Companies can rise faster now than ever before: think of Facebook, just 10 years old, or Google founded 16 years ago. But they can also fall faster.
Last week, Microsoft announced that it would drop the name of Nokia from its Lumia mobile phones, just six months after completing the purchase of the business from Nokia in April. That is an astounding reversal for a firm that five years ago had 40 per cent of the global smartphone market, though the company does continue as a network equipment maker.
But the decline that touches us most directly in Britain is that of Tesco. In 2007 it was ranked by Fortune magazine as the world’s most admired food retailer, as well as the most admired British company. In Deloitte’s Global Powers of Retailing this year it was the second largest retailer in the world, well behind Wal-Mart but ahead of Costco and Carrefour. This was something we were supposed to be good at: not just a nation of shopkeepers, but shopkeepers who were benefiting from being based in the fastest-growing G7 economy.
And now? Well, the past few months have been something of car crash caught in slow-motion: profits warnings, mis-stated accounts, the loss of the finance director, later the chief executive and, just last week, the chairman. The share price, which a year ago was more than 370p, was below 170p on Friday. This is not as bad as the collapse of the banks: the company is still worth more than 40 per cent of its value a year ago and it still seems to be making a profit, albeit a tiny one. But it is shocking none the less. Companies don’t suddenly implode. True, the picture of the chairman in the latest annual report is distinctly less cheerful than the one in the report of 2013, the thin smile replaced by a poker face. But there was no inkling of the disasters to come.
So, what should we think? We are still in the middle of the story and I expect there will be further horrors ahead. But it is not too early to try to pick out what we can learn. The obvious first.
The most obvious of all is that company accounts should accurately reflect what has happened rather than convey a rose-tinted, fingers-crossed, shall we say massaged view of a company’s business. There is no excuse for that.
But whatever the pressures to perform, it seems to be that whenever a highly successful charismatic leader leaves a business, their successors are likely to struggle. There is a mantra that retail is detail but it is also intuition, and Sir Terry Leahy, Tesco chief executive from 1997 to 2011, combined those two very different characteristics. There have been other similar retail geniuses, such as Sir John Sainsbury or indeed Tesco’s founder Sir Jack Cohen, and the same pattern occurred when they retired. But I think there is something of this in other businesses too: look at what happened to BP after Lord John Browne stepped down, or less catastrophically, when Jack Welch left General Electric in the United States in 2001.
Almost as obvious is that it is very hard to manage any dominant company through a period when tastes or market conditions shift. It is hard to stay huge. Look what happened to the US automotive giants when the Japanese companies produced more reliable and more fuel-efficient cars than they did, or now how the once-dominant Japanese electronic goods manufacturers are squeezed between cheaper basic producers in China and more sophisticated US-designed products from Apple. Retailing here, and elsewhere, faces two shifts: away from the mass middle-market to low-cost discounters and upmarket specialists; and from physical stores to online. It can be done, but it is hard to shift course for a super-tanker.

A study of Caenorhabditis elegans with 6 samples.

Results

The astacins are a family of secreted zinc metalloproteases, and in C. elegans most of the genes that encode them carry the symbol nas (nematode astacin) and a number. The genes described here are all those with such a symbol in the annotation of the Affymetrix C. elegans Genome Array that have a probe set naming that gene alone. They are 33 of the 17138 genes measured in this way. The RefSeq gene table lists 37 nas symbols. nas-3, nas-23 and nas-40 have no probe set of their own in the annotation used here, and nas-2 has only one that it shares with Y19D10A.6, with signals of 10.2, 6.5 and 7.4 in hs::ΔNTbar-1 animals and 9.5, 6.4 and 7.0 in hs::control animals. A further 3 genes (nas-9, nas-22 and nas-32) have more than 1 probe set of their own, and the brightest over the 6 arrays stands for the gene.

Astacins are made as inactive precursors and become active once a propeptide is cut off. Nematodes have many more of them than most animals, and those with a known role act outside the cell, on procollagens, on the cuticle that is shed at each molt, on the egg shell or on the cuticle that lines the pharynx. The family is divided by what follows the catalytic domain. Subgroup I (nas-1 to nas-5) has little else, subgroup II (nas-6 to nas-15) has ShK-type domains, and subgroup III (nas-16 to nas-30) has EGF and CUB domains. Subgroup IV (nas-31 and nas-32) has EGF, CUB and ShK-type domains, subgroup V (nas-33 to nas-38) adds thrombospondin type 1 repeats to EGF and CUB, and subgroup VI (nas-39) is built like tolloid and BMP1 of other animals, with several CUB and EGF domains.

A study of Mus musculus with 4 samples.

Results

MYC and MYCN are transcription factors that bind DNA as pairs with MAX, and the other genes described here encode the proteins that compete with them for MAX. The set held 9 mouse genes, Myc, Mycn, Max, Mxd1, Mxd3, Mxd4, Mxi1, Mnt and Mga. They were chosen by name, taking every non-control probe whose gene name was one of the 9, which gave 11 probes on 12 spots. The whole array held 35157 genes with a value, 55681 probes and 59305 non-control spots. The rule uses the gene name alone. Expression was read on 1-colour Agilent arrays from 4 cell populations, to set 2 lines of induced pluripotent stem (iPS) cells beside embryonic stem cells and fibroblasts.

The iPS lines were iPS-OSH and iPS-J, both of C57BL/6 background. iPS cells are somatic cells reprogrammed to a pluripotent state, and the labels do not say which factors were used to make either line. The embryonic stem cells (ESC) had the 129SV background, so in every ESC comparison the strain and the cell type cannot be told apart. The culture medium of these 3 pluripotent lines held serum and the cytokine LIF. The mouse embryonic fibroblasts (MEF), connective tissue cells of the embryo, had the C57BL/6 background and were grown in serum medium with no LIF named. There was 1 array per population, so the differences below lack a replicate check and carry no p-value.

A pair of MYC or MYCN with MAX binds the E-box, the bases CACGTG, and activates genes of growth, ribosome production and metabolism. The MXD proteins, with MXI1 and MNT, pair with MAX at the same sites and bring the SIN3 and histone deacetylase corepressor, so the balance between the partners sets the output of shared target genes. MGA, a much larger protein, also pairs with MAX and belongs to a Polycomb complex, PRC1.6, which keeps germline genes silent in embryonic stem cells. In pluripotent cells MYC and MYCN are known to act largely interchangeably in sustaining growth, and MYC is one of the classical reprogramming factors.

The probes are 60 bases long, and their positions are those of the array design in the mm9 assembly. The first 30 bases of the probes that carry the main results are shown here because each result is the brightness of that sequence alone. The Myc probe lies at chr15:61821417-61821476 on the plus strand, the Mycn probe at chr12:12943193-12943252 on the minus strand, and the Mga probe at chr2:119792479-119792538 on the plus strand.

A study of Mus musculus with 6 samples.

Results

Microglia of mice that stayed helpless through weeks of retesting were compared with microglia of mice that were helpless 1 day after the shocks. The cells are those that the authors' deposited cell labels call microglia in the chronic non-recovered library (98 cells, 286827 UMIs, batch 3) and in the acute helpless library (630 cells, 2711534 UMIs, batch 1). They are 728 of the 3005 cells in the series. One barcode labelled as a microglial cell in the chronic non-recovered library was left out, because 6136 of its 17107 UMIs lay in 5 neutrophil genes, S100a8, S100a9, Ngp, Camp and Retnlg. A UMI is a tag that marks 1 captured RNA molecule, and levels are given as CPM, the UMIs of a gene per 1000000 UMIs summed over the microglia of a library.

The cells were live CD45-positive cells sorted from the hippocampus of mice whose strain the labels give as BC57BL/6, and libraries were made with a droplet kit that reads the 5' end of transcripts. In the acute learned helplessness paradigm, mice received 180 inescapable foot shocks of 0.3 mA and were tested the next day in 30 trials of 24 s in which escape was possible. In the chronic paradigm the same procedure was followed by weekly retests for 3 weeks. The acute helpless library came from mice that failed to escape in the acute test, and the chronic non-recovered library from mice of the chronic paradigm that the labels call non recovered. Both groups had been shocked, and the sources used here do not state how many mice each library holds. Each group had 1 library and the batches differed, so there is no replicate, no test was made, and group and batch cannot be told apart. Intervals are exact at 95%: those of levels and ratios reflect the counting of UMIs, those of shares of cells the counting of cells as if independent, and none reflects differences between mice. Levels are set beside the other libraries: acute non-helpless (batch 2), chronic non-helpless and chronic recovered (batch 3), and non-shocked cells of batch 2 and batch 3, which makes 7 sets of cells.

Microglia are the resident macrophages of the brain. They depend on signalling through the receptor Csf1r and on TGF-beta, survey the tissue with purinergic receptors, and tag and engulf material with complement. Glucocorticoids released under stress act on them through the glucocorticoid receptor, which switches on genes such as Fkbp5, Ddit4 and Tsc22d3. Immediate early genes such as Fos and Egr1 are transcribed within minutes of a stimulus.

Maybe we just have to accept that it takes new companies to develop a new market and that any firm that can find a winning formula will find investors beating a path to its door. Amazon’s market capitalisation is around £80bn; that of Aldi, the German discounter, £150bn; Tesco’s on Friday was below £14bn. There is a brutality to capitalism in the way that it hands out the rewards to the winners and kicks the losers when they are down.
All this has been noted. Much less attention, however, has been drawn to the way in which retailing has been disrupted not just by on-line and discounting but by deflation.
A world where prices generally go up is different from a world where they generally go down, as many of us have experienced when we have tried to sell or buy a house. Deflation hands power to the buyer, not the seller. Retailers in general have not experienced falling prices. Yes, they have dipped from time to time and the price of particular goods, including clothing and many consumer durables, has tended to fall in recent years. But food hasn’t and anyway food is a constant purchase, not a lumpy one, so supermarkets were insulated.
We now seem to be moving into a period in which people are as likely to get an increase in their standard of living from lower prices as from higher wages. We cannot know how long this will continue but consumers in Japan have had that experience for 20 years. Printing money and ultra-low interest rates increase asset prices but they don’t seem to increase current prices. If this low-inflation world continues, then this pressure on conventional retailers, such as Tesco, has a long way to run.